I no longer wear standard T-shirts — the ones with printing designs or even plain ones. They make me, at my age and size, look lumpy! (Which I am.) I like to think that it is because I do not “work out.”
The tees do not appear to bother a lot of other people. I am intrigued with the availability of some fun models to purchase. A friend sent me a website for a few that I love. How about “I wish I were a little kid as I could take a nap and everyone would just be proud of me.” Or “Sometimes I open my mouth and my mother comes out!” Or “I am not trying to be difficult, it just comes naturally.”
For all you really difficult people, there are some gems: ”Common Sense is not a gift, because you have to deal with everyone who doesn’t have it!” or “I am not a successful adult.”
Now I have opened the door to fashion, if a standard tee can be considered fashionable. We are about to be torn from our tights and roomy long tops. (Probably because a lot of people are wearing tights with T-shirts and are not built for this trend.) I am seeing so many long skirts in the catalogs, I mean really floor length and not mid-calf. Also, long trousers with wide hems for women. We had a name for that back in the day but it escapes me.
Catalogs are still showing the filmy jackets I love, so I’m not going to buy any of those pants I am likely to trip over. It does appear that every time I find a fashion that seems to have a slightly bulge-shaped figure in mind, it is too soon gone! This reminds me that I read an article recently on recycling that gave me hope.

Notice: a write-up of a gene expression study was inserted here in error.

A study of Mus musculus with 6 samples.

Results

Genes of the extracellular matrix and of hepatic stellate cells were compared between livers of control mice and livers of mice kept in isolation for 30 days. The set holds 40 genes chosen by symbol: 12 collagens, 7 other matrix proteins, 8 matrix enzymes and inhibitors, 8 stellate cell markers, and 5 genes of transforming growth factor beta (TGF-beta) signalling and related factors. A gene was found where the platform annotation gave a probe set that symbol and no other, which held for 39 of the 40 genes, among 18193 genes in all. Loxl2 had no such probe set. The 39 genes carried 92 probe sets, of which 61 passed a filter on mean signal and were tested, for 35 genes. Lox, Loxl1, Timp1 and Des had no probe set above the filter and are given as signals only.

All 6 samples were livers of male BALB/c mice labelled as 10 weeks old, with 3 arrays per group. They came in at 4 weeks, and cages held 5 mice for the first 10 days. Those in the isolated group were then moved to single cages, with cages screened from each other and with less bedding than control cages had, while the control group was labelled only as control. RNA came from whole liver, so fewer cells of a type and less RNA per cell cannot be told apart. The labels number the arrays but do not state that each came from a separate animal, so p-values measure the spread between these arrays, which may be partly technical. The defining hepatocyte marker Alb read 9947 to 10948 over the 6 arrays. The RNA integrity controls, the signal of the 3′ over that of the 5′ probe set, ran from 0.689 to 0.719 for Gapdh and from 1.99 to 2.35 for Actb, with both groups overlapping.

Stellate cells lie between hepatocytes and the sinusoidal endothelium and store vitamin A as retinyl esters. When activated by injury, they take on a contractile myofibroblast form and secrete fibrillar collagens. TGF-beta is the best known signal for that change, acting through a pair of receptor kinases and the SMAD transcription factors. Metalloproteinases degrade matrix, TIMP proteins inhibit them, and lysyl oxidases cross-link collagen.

There’s a company in Italy that is making new fashion wear from old clothes. You do realize that the charity organizations that you send your rejects to, in turn reject some of your clothes, which are then bundled in large bales and shipped off to somewhere, hopefully Italy. Apparently some place they sort, wash, and ship on to places that make rags, high fashion, rugs, who knows? I love it!
This, of course, sends me in the recycling direction and my concern that there are not enough businesses making something out of nothing. In many cases recycling is a misnomer as the cans, bottles, paper, cardboard and plastic bags that we keep using because we are religiously recycling (as we are patting ourselves on our self-confident back) is going into a land fill somewhere.
It is time to ask the hard questions here and encourage companies that purchase recycling as a useful basis for a marketable product. I am looking for stock options in this field.
Mary Monson is a long-time resident of Owatonna who joins the contributors group for a second time as it revives a popular series from the 1980s. Different age, different group of writers, different ideas. You can reach her at email@example.com.